Songbird Profit Declines After Asset Sales Cut Rental Income

Songbird Estates Plc. (SBD), the property company that controls the Canary Wharf financial district in east London, said full-year profit fell after 2010 asset sales contributed to a drop in rental income.

Underlying profit before tax fell to 4.6 million pounds ($7.4 million) from 28.8 million pounds a year earlier, the London-based landlord said in a statement today. Adjusted net asset value per share fell to 190 pence as of Dec. 31 from 194 pence on June 30.

Songbird has a 69 percent stake in Canary Wharf Group Plc (CWG), which has been expanding outside the business district of the same name. The company is involved in joint ventures to develop an office tower known as the Walkie Talkie at 20 Fenchurch Street in the City of London financial district and to redevelop most of Royal Dutch Shell Plc’s London headquarters near Waterloo railroad station.

“Although demand for high grade office space across London has reduced largely due to broader economic uncertainties, supply has remained relatively constrained,” David Pritchard, Songbird Estates’ chairman, said in the statement.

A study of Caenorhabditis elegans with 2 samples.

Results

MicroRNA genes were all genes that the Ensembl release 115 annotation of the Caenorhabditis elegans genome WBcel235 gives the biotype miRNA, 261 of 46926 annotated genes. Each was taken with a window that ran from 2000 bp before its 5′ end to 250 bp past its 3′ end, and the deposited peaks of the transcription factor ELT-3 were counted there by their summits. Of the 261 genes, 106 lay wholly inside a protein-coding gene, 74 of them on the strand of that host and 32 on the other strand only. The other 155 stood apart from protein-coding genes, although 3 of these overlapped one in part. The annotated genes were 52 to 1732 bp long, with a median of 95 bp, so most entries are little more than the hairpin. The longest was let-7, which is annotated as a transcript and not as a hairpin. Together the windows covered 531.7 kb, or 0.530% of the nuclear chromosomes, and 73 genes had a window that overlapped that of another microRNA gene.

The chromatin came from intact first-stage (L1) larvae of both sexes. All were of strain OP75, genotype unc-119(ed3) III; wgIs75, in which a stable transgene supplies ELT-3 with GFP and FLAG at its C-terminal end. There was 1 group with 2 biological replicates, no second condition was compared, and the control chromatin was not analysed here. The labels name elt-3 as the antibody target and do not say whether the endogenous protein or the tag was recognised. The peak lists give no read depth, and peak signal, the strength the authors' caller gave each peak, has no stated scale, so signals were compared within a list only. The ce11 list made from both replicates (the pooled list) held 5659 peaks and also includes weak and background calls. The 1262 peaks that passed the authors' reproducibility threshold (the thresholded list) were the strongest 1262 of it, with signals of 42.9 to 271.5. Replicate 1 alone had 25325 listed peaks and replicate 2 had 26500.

Canary Wharf paid 90.4 million pounds to acquire control of Wood Wharf, a 16.8-acre (6.8-hectare) site close to its existing office district, the company said in January. That’s part of its strategy to “diversify its tenant base and its activities,” Pritchard said in the statement. It’s also considering an office and residential development on its Newfoundland site, which was previously expected to be a hotel and serviced apartments.

Canary Wharf Group’s investment portfolio was 96.5 percent rented at the end of the year, Songbird said, up from 96.1 percent at the end of the previous year.

Bank of New York Mellon Corp., the world’s biggest custody bank, renewed its lease for office space at One Canada Square in the business district for eight years from 2014, Canary Wharf Group Plc said in January. That reflects a trend of global economic weakness prompting tenants to extend their current leases or move into existing buildings rather than paying more for new space, according to a February report by London-based consulting firm EC Harris LLP.

To contact the reporter on this story: Neil Callanan in London at

To contact the editor responsible for this story: Andrew Blackman at

Press spacebar to pause and continue. Press esc to stop.

Bloomberg reserves the right to remove comments but is under no obligation to do so, or to explain individual moderation decisions.

Please enable JavaScript to view the comments powered by Disqus.